November 13, 2018
1 min read

More screening for reproductive issues necessary in pediatric obesity


These recommendations are based on research undertaken by Crystal S. Lim, PhD, assistant professor of psychology in the department of psychiatry and human behavior at the University of Mississippi Medical Center, and colleagues in which they analyzed data from electronic medical records of 426 girls with obesity (mean age, 13.9 years; mean BMI z score, 2.48; 67.1% black; 22.1% white).

Lim and colleagues found that among the study sample, 9.4% of participants (n = 40) had a reproductive problem, including polycystic ovary syndrome, irregular menses, premature adrenarche and early puberty, among others. The researchers found that PCOS specifically was found in 1.9% of the sample (n = 8).

The researchers performed t tests to assess differences in weight, HbA1c, blood pressure and cholesterol levels between those with obesity and those with obesity and reproductive problems. Analysis did not reveal meaningful differences between the two groups, although the researchers noted that the variance in cholesterol level bordered on significant.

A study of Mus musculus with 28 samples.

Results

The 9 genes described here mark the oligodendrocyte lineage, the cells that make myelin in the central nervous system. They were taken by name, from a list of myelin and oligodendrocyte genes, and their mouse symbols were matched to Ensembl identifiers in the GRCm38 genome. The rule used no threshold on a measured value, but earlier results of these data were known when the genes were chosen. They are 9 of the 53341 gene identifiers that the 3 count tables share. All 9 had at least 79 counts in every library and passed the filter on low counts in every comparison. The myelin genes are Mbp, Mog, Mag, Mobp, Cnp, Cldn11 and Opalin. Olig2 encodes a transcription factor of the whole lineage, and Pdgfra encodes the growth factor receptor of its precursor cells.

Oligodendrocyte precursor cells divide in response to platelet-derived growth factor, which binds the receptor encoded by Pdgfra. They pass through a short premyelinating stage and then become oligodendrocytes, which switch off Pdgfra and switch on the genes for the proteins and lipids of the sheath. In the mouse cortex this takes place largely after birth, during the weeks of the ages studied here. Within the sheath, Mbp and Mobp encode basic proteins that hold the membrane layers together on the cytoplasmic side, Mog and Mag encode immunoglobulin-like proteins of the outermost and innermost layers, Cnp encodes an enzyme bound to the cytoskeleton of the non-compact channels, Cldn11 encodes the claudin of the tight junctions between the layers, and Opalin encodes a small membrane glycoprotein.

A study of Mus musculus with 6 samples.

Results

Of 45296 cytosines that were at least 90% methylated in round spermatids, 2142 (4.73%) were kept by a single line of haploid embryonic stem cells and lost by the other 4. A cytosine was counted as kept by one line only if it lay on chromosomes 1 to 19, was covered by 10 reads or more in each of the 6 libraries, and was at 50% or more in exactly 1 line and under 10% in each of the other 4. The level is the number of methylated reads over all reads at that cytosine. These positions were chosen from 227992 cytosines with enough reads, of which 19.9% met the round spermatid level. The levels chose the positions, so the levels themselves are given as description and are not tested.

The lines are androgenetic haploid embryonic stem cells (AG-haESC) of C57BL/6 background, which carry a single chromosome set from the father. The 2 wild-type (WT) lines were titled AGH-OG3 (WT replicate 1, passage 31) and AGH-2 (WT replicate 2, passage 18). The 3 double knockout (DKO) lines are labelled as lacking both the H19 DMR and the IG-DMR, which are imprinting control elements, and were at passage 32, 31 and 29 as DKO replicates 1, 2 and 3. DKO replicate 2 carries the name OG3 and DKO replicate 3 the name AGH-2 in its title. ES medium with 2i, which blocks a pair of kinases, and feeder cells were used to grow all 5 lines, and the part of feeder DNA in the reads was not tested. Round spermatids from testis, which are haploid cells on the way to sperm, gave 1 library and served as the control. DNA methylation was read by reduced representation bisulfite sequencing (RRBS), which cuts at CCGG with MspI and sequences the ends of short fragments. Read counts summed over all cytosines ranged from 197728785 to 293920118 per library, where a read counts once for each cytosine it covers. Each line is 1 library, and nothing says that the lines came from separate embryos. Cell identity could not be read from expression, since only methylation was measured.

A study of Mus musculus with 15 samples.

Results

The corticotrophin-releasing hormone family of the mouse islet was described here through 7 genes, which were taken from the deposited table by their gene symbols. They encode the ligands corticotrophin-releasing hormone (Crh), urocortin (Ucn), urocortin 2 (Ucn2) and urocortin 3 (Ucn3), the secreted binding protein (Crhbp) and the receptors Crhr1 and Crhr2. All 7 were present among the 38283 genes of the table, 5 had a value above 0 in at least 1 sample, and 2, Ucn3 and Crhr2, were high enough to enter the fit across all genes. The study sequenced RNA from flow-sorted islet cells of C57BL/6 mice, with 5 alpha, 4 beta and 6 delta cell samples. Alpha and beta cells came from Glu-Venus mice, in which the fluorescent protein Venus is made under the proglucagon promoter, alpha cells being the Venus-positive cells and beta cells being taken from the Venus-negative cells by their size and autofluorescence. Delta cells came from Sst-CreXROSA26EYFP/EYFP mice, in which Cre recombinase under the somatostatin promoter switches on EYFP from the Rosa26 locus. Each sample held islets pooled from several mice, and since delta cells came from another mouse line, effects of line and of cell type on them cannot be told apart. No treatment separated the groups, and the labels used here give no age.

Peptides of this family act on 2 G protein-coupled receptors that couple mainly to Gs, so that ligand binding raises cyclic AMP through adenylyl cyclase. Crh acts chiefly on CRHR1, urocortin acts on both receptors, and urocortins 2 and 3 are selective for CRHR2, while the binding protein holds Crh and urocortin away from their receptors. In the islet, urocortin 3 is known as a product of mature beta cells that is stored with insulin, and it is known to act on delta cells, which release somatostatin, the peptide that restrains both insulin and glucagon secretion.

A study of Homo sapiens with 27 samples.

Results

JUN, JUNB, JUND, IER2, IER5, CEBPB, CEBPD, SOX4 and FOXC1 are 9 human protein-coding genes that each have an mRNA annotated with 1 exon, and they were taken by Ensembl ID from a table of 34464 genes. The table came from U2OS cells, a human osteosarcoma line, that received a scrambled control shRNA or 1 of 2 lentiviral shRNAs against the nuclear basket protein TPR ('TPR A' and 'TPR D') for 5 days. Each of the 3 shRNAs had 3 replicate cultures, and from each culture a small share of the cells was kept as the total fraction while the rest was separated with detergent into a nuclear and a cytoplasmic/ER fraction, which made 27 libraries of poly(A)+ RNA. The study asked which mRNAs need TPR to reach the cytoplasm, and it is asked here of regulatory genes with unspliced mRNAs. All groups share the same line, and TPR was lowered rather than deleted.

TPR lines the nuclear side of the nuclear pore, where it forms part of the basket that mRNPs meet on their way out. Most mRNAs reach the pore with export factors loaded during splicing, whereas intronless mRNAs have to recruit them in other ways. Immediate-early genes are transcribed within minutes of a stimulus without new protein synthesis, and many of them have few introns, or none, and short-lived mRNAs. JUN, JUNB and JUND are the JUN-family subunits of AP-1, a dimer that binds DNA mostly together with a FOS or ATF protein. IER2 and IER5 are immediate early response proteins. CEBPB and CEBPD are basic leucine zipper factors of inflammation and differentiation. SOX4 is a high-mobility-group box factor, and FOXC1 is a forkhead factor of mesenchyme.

“My co-authors and I believe that the rate of reproductive problems found in our study is an underestimate,” Lim told Endocrine Today. “Thus, there seems to be a need for physicians in multidisciplinary pediatric obesity clinics to do more thorough screenings for reproductive problems, identify reproductive problems as diagnoses in the medical chart, and if necessary, refer to specialty providers to further assess, diagnosis and treat the possible reproductive issue.” – by Phil Neuffer


Lim CS, et al. T-P-3072. Presented at: ObesityWeek; Nov. 11-15, 2018; Nashville, Tenn.

Disclosure: Lim reports no relevant financial disclosures.